By Steven McKenzie
Highlands and Islands reporter, BBC Scotland news website
Veterans said pilots of Hurricanes, pictured left with a Spitfire, were true heroes
A Scottish veteran of the World War II Arctic convoys believes this Armistice could be the last he and fellow sailors parade together at London's Cenotaph.
Old age and ill-health have taken their toll on those who survived service on the Russian runs.
Jock Dempster said it was his personal view this November could be the final time they marched together.
But he said Scots veterans would continue to gather each year at Loch Ewe, from where several convoys left.
Sailings from the sea loch in Wester Ross, the Highlands, were made between 1942-44.
Veterans have been invited to what is expected to be a one-off event being held in honour of the Loch Ewe convoys at Pool House Hotel next Thursday.
Between 1941-45, ships also left the Clyde and ports in Iceland for the then Soviet Union to deliver supplies, weapons and ammunition.
Like other World War II veteran groups, the numbers who served on the British, American and Canadian merchant ships and their navy escorts have dwindled.
At 80, Mr Dempster, of Lothian, is the youngest of the Scottish survivors whose average age is 86.
He said: "Over the last six years 60 to 70 veterans from all over the UK marched at the Cenotaph, last year there were 13.
"I don't think we will march again after this year. That's my gut feeling.
"I wouldn't like it to end up with all sorts of relatives and people's carers - it sometimes seems there are more carers than veterans.
"I would like it for us to go out gracefully."
Instead, in the future, the convoy members may join the ranks of other groups such as Merchant Navy and Royal Navy.
However, Mr Dempster, who joined as a junior ordinary seaman, said September's pilgrimage to a monument at Loch Ewe would remain a fixture for as long as the former sailors were able.
They have been making the trip for the past nine years.
CONVOYS FACT FILE
PQ17 was the most disastrous and infamous of the convoys. In July 1942, more than 20 vessels were sunk following orders to scatter because of fears of an attack by warships including the Tirpitz
About 3,000 men lost their lives on the Russian runs. Britain, the US and Canada were involved in shipping supplies to war-ravaged Russia
The convoys' destinations included Murmansk and Archangel
Meanwhile, keeping the veterans' links alive with Russia has been Edinburgh's consul general Vladimir Malygin.
Mr Dempster said the Russian official has regularly hosted receptions - even for one man unable to attend a previous gathering because of ill-health - to make sure they received medals.
Recalling his time on the convoys, Mr Dempster said: "People keep referring to us as heroes.
"There were heroes among the merchantmen, but my very, very strong feeling is the real heroes were the pilots who flew the Hurricane fighters."
The aircraft were catapulted from ships' decks to engage attacking German planes.
Mr Dempster said: "Because they were launched off there was no way of the pilots going back to the ship and they had to pitch the aircraft in the sea and hope to be picked up.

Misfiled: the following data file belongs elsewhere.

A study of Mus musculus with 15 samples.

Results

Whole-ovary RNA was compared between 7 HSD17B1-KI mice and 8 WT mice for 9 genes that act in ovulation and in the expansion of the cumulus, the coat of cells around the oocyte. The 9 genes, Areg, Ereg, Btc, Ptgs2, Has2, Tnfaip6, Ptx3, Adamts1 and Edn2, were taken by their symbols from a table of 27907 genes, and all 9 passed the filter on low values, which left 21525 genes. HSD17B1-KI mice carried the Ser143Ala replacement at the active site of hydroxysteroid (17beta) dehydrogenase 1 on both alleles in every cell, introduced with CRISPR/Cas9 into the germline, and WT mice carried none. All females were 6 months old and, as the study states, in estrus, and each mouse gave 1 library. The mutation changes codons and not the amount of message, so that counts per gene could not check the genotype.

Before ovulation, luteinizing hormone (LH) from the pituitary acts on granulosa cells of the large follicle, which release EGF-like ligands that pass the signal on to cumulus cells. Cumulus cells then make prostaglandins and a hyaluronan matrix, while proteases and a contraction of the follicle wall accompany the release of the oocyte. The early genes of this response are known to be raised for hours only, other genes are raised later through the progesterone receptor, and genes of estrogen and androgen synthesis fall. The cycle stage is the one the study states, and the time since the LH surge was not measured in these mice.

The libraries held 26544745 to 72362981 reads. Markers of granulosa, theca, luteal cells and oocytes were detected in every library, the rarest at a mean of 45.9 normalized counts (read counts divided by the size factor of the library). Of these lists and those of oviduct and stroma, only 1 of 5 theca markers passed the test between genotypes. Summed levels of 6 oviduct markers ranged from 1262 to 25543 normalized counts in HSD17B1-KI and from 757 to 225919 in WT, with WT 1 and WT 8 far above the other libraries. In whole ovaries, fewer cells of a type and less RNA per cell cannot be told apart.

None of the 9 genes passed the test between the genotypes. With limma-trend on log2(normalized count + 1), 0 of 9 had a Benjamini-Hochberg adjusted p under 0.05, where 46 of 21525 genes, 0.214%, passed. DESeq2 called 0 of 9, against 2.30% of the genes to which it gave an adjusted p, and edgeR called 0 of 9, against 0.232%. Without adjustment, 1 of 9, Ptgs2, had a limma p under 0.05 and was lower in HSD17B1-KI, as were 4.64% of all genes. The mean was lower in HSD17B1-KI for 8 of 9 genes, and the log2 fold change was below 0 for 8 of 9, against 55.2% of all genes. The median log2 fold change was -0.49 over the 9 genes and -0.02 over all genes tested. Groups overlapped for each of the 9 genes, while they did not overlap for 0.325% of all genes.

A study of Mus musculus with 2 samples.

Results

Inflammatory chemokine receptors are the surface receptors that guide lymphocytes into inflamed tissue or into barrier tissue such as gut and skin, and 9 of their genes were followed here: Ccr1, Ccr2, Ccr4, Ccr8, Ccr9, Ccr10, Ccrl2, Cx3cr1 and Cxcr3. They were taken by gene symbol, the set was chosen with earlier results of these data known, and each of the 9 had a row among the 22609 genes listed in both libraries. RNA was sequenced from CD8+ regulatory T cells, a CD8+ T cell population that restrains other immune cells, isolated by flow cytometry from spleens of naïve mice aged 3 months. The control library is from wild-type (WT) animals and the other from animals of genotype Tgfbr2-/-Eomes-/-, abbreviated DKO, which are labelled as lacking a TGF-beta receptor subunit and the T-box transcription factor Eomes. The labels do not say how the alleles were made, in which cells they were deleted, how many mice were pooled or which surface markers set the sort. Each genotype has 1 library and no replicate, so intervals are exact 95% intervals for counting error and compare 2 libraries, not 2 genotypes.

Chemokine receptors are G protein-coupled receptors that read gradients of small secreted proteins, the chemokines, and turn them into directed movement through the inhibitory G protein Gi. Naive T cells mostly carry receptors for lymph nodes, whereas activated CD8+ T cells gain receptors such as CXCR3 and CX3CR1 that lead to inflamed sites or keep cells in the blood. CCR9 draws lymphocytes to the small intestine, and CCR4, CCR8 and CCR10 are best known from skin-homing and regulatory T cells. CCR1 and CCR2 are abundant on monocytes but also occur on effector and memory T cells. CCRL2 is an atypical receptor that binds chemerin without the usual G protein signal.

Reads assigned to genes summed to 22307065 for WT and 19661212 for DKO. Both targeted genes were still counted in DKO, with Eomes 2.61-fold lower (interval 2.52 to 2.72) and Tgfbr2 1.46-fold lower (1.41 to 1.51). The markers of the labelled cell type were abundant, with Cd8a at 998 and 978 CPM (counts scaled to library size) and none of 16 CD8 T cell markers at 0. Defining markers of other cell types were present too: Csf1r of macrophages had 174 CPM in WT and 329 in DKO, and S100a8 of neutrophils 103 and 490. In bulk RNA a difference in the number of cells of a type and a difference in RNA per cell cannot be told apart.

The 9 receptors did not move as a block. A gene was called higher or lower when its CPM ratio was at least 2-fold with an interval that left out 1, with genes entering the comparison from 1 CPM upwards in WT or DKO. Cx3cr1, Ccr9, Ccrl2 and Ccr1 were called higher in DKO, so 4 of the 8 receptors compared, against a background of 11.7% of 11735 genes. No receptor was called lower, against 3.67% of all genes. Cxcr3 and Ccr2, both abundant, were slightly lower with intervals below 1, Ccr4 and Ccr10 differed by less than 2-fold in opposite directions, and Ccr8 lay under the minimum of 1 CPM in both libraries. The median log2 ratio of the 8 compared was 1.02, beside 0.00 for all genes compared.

"They were all volunteers and it was marvellous they were prepared to do that."
Another veteran, Geoffrey Shelton, 83, who lives in Glasgow, served on the aircraft carrier HMS Vindex.
He said the pain of the human cost of Russian runs has become more acute with time.
The former Royal Navy seaman said: "Back in those days if you lost anybody you would say a quiet prayer for him.
"There wouldn't be any tears.
"His possessions would be sold off at inflated prices and the proceeds sent back to his relatives.
"Now I am more emotional when I think of all those young lads who never experienced the love of a lady, missed the moon landings and laughing at the Two Ronnies. All the things I've enjoyed.
"That makes me feel guilty."
Freezing conditions and atrocious weather claimed lives on what the then Prime Minister Winston Churchill called "the worst journey in the world".
Mr Shelton said: "It was so cold. You came off watch and went down into the mess deck to get some sleep, but there was no heating down there and you could break the icicles off the deck head.
Vessels sailed from Loch Ewe from 1942-44
"But sometimes you wanted the terrible cold and the weather because it kept the u-boats down below and the aircraft couldn't fly.
"In the summer there was almost 24-hour daylight - that was when you were most vulnerable to attack."
For Mr Shelton too, the actions of pilots moved him.
Aircraft used included Swordfish biplanes - nicknamed string bags - and later American Wildcats.
He said: "The Fleet Air Arm pilots were the bravest of the brave taking off and then trying to land an old string bag on a deck rising and falling 10-20-30ft.
"I watched one guy come in to land and end up in the sea alongside the carrier.
"The plane went straight down.
"The pilot had his lifejacket on and the captain put a blue search light on him, which was very dangerous because it could show us to the enemy.
"The admiral wasn't very pleased about this.
"I watched that lad calling out for help and the arm he was waving get lower and lower. By the time he was picked up 15 minutes later he was dead."